IHOSE header

"sensational literature" [FIVE]

The Valley of Fear - pulp edition

Those of our readers who collect various editions of the Canon may be interested in a new imprint/series, entited Pulp! the Classics! and published by Oldcastle Books.

Pulp! the Classics is exactly what it sounds like: the re-publication of classic works of literature with new, pulp covers. The original text remains intact -it is only the cover and the blurb that they have "pulp-ified."  Of course, many of the titles chosen for this transformation - from Dickens to Shakespeare - were already considered to be, if not "pulp" fiction, then at the very least popular fiction in their day and age, despite their prestigious status as classics in our time. Nonetheless, it is an intriguing collection.

Thus far, the imprint has only published one Sherlock Holmes title - The Hound of the Baskervilles, with, it seems, no intention of touching upon other works of Sherlock Holmes.The choice is, perhaps, not original,
given detective fiction's history as pulp fiction in the 20th century; nevertheless, for those who collect various editions of the Canon, this would form an interesting counterpart to the more expensive and prestigious editions, such as this version of The Hound of the Baskervilles from Easton Press, which has recently come to my attention as a particularly exemplary cause to make the credit card bill of yours truly weep.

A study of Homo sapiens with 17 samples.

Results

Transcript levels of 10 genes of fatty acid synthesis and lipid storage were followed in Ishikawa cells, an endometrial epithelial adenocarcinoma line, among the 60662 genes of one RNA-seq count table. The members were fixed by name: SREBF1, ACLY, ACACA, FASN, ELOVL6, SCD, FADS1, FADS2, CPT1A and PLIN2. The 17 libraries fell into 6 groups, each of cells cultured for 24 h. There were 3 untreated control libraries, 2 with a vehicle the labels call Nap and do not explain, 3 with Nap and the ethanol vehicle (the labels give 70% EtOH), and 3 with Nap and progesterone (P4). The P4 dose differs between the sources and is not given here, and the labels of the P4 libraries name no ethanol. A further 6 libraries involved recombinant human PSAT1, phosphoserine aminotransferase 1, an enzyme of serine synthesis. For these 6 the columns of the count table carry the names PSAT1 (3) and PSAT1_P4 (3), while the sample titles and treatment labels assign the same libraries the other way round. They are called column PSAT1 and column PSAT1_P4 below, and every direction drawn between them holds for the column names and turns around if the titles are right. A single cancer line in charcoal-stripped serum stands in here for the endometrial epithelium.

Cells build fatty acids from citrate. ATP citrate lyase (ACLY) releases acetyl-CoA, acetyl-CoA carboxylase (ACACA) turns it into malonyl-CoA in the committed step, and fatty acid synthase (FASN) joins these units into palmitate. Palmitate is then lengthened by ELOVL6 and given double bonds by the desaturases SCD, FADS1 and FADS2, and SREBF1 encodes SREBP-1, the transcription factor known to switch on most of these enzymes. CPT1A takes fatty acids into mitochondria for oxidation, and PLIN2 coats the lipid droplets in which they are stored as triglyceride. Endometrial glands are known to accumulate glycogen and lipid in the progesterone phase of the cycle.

The Hound of the Baskervilles, Easton Press edition

Additionally, Oldcastle Books has pulp-ified a number of Victorian titles, from The Picture of Dorian Gray to Dickens and Tess of the D'Urbervilles - providing interesting possibilities for collectors not only of Sherlock Holmes, but of Victorian literature in general.

One also cannot help but notice the striking resemblance between the pulp cover of the Sherlock Holmes novel and some old posters of Basil Rathbone films, which I present for your comparison:

Poster, 1939 Hound of the Baskervilles

Hound of the Baskervilles gets pulp-ified
Add caption

While not an entirely new effort - in 2009 Hard Case Crime repackaged The Valley of Fear similarly, in an attempt to reach readers who avoided classic books. Is this enough to consider adding one to your collection?